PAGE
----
Wildcat Rodeo Club
Roping, Riding and Wrestling
A DECADES-LONG TRADITION OF INTERCOLLEGIATE RODEO
Bull riding, saddle bronc riding and barrel racing are just a few of the fast-paced, adrenaline-pumping sports familiar to the members of the rodeo club at the University of Arizona. Both in school and in the arena, these teammates understand hard work and perseverance. Between lectures and studying, they log hundreds of hours training horses, practicing roping, mucking stalls and hauling hay bales. They care for their animals, purchase their own equipment and transport their horses to competitions throughout the Southwest.
It is no small commitment.
Founded in 1939, the UArizona rodeo team hosted the nation’s first intercollegiate rodeo that same year. Today, the team competes in the Grand Canyon Region of the National Intercollegiate Rodeo Association against schools in Arizona and New Mexico. Rodeo events include tie-down roping, team roping, steer wrestling, saddle bronc riding, bareback riding, bull riding, goat tying, barrel racing and breakaway roping.
Despite the long tradition of rodeo at UArizona, participation has declined since 2020, when competitions were cancelled due to the coronavirus pandemic. The club’s few remaining members are now rebuilding the team.
“A lot of people don’t know the university has a rodeo team,” says Emma Delgado, an animal science major and barrel racer. “It’s kind of sad, because we were the first college rodeo team ever. We’ve been trying to rebuild and get our name out there a bit more.”
To compete, members must have experience riding and own a horse. The club also welcomes noncompeting members who help with events, fundraisers or the club’s volunteer service at TRAK, a therapeutic riding ranch in Tucson.
“At TRAK, we help maintain the horses’ hooves and coats, and we help feed them and clean waters,” says McKinley Storm Huddleston, a psychology major. “It provides a better environment and experience for children visiting the ranch and allows them to enjoy the therapeutic services.”
Many on the rodeo team have been riding horses since they were young, and some even have rodeo in their blood.
“I was born into it,” says Bridger Sanborn, an aerospace engineering major and steer wrestler. “My parents both rodeoed their whole lives, so they brought me and my brother into it right away.”
“I wasn’t really born into rodeo itself,” Huddleston says. “But I grew up on my family’s ranch and had horses, cattle and livestock all around. As soon as I came here, I thought, ‘Well, let’s get into rodeo,’ and I’ve been working on a horse right now and training her to compete.”
While members compete individually in most events, the camaraderie and support is what they say they appreciate most about rodeo.
“My favorite aspect of barrel racing is the friends you make,” says Madison Michael, a nutritional science major and barrel racer. “At the end of the day, it’s not you versus everyone else. It’s you trying to be better than you were yesterday. It’s about the progress you make with your horse and as a team, and having all your friends support you along the way.”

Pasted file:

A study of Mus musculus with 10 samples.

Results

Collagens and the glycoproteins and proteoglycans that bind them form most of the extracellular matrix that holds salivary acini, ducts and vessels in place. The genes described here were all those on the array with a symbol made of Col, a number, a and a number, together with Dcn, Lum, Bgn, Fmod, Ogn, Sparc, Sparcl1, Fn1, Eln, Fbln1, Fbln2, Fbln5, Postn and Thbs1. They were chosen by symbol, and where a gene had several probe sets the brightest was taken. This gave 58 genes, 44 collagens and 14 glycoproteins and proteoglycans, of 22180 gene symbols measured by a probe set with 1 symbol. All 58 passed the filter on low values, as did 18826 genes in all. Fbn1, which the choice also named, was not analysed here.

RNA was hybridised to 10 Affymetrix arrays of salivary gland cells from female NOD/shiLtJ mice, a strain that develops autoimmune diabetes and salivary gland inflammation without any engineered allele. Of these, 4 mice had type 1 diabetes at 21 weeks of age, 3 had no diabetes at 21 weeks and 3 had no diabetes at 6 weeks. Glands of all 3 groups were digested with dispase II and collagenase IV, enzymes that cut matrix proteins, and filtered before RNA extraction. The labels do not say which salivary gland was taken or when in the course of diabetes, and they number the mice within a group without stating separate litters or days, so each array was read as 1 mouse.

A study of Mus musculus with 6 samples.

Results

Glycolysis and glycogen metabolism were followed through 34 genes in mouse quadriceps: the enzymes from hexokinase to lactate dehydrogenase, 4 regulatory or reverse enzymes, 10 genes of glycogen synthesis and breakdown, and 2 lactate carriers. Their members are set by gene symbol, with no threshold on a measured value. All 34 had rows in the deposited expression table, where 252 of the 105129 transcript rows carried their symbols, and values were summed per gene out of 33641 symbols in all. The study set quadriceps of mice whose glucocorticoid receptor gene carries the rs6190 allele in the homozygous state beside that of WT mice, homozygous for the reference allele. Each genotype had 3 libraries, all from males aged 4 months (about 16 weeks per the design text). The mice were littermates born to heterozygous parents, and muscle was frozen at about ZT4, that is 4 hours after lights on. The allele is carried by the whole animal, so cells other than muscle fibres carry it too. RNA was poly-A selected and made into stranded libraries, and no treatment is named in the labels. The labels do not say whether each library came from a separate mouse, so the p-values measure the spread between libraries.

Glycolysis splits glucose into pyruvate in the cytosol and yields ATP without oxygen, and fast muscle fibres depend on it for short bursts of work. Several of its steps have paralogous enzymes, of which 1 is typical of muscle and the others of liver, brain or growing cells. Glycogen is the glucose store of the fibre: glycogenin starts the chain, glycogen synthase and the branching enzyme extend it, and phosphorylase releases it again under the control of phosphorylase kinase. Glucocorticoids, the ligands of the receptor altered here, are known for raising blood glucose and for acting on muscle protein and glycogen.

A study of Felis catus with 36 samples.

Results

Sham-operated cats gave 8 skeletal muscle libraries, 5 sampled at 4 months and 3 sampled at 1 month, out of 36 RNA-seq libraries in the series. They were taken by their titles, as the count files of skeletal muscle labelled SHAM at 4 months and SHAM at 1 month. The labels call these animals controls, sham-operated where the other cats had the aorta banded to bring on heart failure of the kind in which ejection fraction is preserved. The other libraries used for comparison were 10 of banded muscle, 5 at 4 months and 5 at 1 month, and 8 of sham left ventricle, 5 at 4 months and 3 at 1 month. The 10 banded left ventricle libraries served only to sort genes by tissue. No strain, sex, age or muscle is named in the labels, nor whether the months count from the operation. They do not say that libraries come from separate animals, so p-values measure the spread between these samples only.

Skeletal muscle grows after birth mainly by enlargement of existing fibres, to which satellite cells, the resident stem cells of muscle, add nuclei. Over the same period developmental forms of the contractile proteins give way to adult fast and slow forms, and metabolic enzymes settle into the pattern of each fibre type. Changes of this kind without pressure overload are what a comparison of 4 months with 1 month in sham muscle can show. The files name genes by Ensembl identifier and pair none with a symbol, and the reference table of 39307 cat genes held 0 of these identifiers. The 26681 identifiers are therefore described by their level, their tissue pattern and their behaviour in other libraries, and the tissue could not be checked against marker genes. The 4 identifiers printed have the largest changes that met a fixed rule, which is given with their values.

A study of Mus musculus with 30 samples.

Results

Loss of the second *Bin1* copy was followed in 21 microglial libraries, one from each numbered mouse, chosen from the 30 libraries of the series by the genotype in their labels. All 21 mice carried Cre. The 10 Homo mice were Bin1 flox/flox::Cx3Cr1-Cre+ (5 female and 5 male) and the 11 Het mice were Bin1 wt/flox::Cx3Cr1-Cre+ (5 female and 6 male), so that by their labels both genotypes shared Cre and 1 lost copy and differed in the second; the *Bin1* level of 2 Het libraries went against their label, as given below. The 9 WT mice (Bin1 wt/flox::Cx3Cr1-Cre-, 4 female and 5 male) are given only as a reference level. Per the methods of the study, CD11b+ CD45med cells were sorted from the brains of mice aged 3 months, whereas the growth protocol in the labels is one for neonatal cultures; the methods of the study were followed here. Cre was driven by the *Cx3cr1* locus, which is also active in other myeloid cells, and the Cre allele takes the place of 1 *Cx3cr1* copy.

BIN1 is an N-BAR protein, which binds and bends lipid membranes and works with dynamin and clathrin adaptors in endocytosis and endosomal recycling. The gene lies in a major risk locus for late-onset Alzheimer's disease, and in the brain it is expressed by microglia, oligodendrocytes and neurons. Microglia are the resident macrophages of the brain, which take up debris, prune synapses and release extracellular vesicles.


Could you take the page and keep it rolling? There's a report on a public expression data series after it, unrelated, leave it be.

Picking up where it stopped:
“It’s hard for a lot of people when they come to college and move away from home,” Delgado adds. “Just being on the team really helps. At least you know your teammates have got your back.”
Kaylee Vicondoa, a veterinary science major and the team’s vice president and a roper, says teammates help each other with all aspects of college life, not just with rodeo skills. “We always try to support each other, no matter what we’re going through,” she says.
“Rodeo is also an outlet,” Michael says. “You’re working so hard in school, but when you go out there and practice — that’s two hours of your day that you can focus on something else. You’re not thinking about when your next exam is.”
The teammates agree that determination, patience and consistency are all qualities rodeo fosters.
“I’ve learned that you’re not always going to win or come out on top,” Vicondoa says. “And don’t take anything for granted, because it can change in a split second. Just take every ride that you can that day and enjoy it. Don’t get mad, don’t get frustrated, just have fun — people forget that.”
Most members find time to make their sport a priority, practicing with their horses every day of the week, whether it’s early mornings or late evenings — in rain, cold or Arizona heat. “Every time we can get out there and ride and practice with our horses, we do. Every day we can, to keep our horses fit and in shape and keep ourselves fit,” Vicondoa says.
Club president Katie Heitmann says a club practice space is one of their greatest needs and biggest long-term goals. Without a practice arena or stable that meets their needs, students board horses at private facilities and often practice individually. They also fund horse boarding and equipment costs and pay for travel to events for themselves and their horses.
“Rodeo is expensive, and college is expensive,” says Heitmann, a psychology major and barrel racer. “And we don’t get a ton of funding. We’re doing it all on our own.”
“Every team sport is going to be expensive, but each of us has an animal to take care of and feed — we’re not just taking care of ourselves,” Heitmann explains. She says if more people knew about the team and donated, they could help cover travel fees and eventually fund a practice facility.
The teammates agree that more support for the team and fans cheering in the rodeo stands would hugely benefit the club. “We’d love for anyone to come watch our rodeo. We put a lot of work into getting all the teams there and setting it up, and it kind of stinks when there’s not a lot of people attending,” Sanborn says. “Just come watch.”
Follow the team on Facebook @uarodeo or Instagram @arizonarodeo.
Make a Gift
The rodeo team is a nationally recognized intercollegiate team that competes in the Grand Canyon Region. We invite you to support the rodeo team by donating.